Firstly, let me preface my following comments by saying that running technique isn’t a one size fit’s all subject (for example the heel striking vs midfoot striking debate). Every runner is different. However, we are all bound by the same laws of physics! As such, there are aspects of good running technique, such as posture, which will commonly apply to the vast majority of runners and triathletes.

The most important thing to appreciate with reference to running posture is that gravity can either work for you or against you. When good running posture enables you to engage gravity and use it to your advantage, you get the feeling of controlled falling forward and developing “free speed”. In contrast, if your running posture is poor, you end up fighting against gravity to push yourself off the ground.

So what constitutes good running posture? There are many elements from head to toe, in all three planes which on a segmental level interact to create a balanced posture. For the sake of this article I’m going to focus on what commonly occurs around the hips and pelvis – and what that then creates above and below.

Arguably the most important factor in achieving correct running posture is the slight forward lean… Not “whether” a slight forward lean is achieved, but “how”.

We’ve all seen runners who look tired and laboured as they bend forwards from the waist as they run. Contrast this image with one of a runner who remains straight, long and strong from head-to-toe, achieving a whole-body forwards lean from ankles upwards.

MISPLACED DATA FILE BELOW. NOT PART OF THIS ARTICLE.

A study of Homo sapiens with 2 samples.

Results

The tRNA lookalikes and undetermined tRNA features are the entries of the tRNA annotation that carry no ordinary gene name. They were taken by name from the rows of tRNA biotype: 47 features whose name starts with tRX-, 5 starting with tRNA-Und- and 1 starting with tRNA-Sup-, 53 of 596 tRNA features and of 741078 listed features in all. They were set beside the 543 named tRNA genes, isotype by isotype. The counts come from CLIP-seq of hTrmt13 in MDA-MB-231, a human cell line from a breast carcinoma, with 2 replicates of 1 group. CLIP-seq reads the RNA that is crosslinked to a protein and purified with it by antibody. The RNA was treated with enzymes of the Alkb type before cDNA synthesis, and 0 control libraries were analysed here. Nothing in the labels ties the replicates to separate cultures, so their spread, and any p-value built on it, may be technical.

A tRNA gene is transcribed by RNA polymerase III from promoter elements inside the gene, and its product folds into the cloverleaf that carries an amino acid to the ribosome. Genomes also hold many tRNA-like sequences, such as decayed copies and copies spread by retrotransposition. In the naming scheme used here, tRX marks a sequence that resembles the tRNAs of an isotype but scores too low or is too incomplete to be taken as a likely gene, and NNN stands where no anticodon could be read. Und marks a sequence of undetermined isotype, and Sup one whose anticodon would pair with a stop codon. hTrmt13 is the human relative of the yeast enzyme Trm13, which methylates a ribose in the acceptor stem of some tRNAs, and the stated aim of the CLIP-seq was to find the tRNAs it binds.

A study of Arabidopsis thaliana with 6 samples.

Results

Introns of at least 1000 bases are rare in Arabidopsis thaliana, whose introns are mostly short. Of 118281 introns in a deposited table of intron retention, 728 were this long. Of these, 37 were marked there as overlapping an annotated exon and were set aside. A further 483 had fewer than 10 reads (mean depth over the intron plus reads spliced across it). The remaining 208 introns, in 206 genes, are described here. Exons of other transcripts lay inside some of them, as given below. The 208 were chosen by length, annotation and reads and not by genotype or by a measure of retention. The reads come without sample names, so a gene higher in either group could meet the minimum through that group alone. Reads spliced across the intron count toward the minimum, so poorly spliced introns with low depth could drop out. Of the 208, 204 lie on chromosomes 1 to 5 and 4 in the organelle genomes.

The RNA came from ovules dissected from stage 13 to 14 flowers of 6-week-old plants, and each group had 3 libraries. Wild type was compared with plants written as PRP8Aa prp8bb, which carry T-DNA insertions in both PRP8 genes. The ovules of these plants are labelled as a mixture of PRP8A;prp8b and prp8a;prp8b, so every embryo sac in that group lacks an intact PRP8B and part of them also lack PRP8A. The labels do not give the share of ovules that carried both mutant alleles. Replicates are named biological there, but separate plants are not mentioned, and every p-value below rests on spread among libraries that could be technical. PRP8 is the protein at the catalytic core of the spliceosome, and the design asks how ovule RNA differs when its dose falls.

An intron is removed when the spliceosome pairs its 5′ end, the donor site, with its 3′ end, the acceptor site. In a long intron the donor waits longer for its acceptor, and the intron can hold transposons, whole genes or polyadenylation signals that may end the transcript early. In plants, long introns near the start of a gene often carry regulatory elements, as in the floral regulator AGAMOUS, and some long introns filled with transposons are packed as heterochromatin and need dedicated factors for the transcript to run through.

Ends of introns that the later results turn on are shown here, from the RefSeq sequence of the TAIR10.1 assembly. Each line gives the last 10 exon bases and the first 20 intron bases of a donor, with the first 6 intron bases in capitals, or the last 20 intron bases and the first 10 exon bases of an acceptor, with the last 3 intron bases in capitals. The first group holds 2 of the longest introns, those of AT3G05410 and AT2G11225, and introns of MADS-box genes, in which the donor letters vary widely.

The difference between the two postures: alignment. The runner who bends forwards from the waist, flexing at the hips and losing alignment will tend to sit their butt backward to counter balance their upper body’s forward position, a result of weak glutes and poor core strength. This “sat back” posture often results in an over-striding style, increasing braking forces and impact as the foot lands way ahead of the centre of mass. Due to the way in which the hips and pelvis are sat back behind the point of initial contact, the effect of falling forwards and using gravity can’t be achieved. Instead, more energy is expended to push-off from stride to stride.

In contrast, keeping your body in alignment, by maintaining a whole body forward lean from ankles upwards (keeping hips and pelvis from sitting back) will move your body mass forwards, closer to over the top of where the foot makes it’s initial contact. This will vastly decrease braking forces and impact. The slight forwards lean of the whole body in alignment from head-to-toe will bring your centre of mass up and over the top of your base of support (foot), enabling gravity to pull you forwards as you begin to “fall” forwards.

Hey presto – increased forwards momentum for minimal effort!

What cues and imagery works for you to keep your posture on the run?

Send us a message or leave a comment and let us know if you have any questions! We all have our own thoughts on the matter, and we all have something different that suits us.

See what’s up next week for our #RunFormFriday tip! For more in depth understanding on how to put this into practise, get in touch and we’ll see how we can help!